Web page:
Teemu K
Added over 4 years ago

I'm developing a component that needs to get the users' passwords (to encrypt messages destined to the users out-of-band). I couldn't figure out a way to do that with the AuthRepository interface. I tested adding a getPassword() method to the interface and adding implementations to all the concrete auth repository classes (some of them already have it, just private). This worked, but I want to minimise the amount of changes to the core, so I'm asking if there is a clean way to do it from a component without having to modify the AuthRepository?


Replies (3)


There is no API to get user's password and this is intentional. We do not want to expose user's password to any other components or plugins where this is not essential. Passwords are for authentication only and are available only to logic dealing with user's authentication.

I do not fully understand your use-case, so it is difficult to suggest you the best approach to your problem, however, I have an impression that you may do this wrong way. You should not need user's password to encrypt user's data. Maybe a better approach would be to use public/private keys or some existing framework such as PGP?

Added by Teemu K over 4 years ago

This is what I suspected. I did consider the security aspects, however, as the components are already running inside the tigase server process, I cannot see a real security gain from not having an API (e.g., I can already read the authentication database credentials from the configuration and get the passwords directly from there, or I can use reflection to invoke the existing private getPassword() method).

The use case is rather complex proof of concept prototype for an esoteric networking stack and not worth going into details. The design in fact does use public key crypto in normal operation, and the use of the shared secret (password) is just to solve the initial key distribution problem (the clients do not have Internet access).


With the component, actually, there is one more reason, maybe even more significant. Components in Tigase can be deployed as internal or as external to the main Tigase server. And this is transparent from the developer point of view. So you write a component which may run inside Tigase server or may run on completely separate physical machine. So, there is strong separation between components and one component does not share API to different components. Components communicate with each other via XMPP.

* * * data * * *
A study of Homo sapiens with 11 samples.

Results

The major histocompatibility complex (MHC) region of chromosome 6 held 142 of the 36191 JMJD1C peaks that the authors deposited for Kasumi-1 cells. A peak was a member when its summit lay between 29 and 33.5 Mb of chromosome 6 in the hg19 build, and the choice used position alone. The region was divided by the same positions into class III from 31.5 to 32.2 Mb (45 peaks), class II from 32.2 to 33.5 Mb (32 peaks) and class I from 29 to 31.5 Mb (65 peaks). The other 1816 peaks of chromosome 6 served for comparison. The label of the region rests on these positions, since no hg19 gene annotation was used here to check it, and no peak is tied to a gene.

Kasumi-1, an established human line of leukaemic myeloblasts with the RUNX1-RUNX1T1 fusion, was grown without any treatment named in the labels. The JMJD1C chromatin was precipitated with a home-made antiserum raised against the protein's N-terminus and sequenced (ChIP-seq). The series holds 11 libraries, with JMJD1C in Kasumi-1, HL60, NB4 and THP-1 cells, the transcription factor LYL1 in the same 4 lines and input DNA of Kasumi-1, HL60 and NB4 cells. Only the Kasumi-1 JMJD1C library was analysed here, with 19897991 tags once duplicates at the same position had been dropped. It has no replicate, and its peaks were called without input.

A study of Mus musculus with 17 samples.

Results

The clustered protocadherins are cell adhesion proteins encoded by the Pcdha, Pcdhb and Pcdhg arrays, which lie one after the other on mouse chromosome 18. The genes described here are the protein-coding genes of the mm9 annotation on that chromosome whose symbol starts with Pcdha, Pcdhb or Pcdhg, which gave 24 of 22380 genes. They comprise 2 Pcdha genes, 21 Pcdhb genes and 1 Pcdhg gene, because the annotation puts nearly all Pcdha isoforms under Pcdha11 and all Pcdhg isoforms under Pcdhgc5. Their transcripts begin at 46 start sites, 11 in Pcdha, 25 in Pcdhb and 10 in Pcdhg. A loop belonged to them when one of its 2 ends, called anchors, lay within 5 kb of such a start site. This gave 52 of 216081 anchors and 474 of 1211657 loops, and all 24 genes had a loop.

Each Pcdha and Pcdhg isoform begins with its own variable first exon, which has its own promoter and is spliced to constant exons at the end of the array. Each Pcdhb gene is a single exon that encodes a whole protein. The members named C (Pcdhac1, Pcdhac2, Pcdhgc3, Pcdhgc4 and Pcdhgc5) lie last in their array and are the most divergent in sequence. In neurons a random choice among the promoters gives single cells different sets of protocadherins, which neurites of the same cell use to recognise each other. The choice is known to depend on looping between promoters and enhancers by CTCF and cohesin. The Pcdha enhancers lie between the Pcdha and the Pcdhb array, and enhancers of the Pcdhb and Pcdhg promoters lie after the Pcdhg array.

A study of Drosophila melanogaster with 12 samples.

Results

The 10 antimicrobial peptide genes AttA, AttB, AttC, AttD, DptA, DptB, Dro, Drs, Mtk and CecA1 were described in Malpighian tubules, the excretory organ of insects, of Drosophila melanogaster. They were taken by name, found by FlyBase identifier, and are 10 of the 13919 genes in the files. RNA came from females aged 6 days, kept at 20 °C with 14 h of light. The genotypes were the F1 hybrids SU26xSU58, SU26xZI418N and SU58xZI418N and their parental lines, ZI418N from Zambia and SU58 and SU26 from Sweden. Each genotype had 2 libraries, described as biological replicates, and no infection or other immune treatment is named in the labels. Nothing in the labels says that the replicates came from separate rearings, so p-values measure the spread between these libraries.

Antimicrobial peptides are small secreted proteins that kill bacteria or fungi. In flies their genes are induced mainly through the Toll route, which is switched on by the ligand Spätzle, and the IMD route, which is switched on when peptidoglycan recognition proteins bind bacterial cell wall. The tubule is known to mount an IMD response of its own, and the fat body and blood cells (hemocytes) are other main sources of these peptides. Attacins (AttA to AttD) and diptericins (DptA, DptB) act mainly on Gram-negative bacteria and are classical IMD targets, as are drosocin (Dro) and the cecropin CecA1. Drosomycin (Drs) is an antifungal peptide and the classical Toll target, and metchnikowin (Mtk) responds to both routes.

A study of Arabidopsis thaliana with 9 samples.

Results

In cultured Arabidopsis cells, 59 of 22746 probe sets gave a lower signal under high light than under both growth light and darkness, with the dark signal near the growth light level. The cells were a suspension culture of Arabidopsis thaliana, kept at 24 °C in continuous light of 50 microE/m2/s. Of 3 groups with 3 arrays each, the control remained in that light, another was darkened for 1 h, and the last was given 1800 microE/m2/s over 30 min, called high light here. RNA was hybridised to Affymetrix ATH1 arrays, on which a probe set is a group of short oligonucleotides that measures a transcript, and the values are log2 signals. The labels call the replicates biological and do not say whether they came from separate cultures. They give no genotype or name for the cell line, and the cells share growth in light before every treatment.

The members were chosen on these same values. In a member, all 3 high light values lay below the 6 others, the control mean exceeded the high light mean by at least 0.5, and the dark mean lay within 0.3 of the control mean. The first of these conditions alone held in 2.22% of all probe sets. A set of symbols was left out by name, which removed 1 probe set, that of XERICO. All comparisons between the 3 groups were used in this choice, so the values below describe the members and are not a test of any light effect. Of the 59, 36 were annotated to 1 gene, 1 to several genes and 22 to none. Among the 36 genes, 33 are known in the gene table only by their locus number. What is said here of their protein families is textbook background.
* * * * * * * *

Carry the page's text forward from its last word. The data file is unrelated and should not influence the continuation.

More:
Teemu K wrote:

This is what I suspected. I did consider the security aspects, however, as the components are already running inside the tigase server process, I cannot see a real security gain from not having an API (e.g., I can already read the authentication database credentials from the configuration and get the passwords directly from there, or I can use reflection to invoke the existing private getPassword() method).

Yes, you are partially right. But then you do this all intentionally. Our design of the API is to minimize possibilities of accidental or through bug in the code leak of sensitive data. Therefore, the fewer parts of the code have access to sensitive data the better. I am in favor of strong separation of responsibilities in the code. And, actually, my opinion is that application like Tigase should not have access to user's password at all. The user credentials validation should be done on DB level through logic in DB. Unfortunately SQL and PLSQL is too limited to make it possible in all cases. There is a mode and configuration for Tigase in which Tigase never loads users' passwords from DB and authentication is performed through stored procedures in DB.

The use case is rather complex proof of concept prototype for an esoteric networking stack and not worth going into details. The design in fact does use public key crypto in normal operation, and the use of the shared secret (password) is just to solve the initial key distribution problem (the clients do not have Internet access).

Ok, understand. Let me ask our security expert, maybe he would have some suggestion for you. But, maybe, if this is just a proof of concept, you could use a hardcoded key?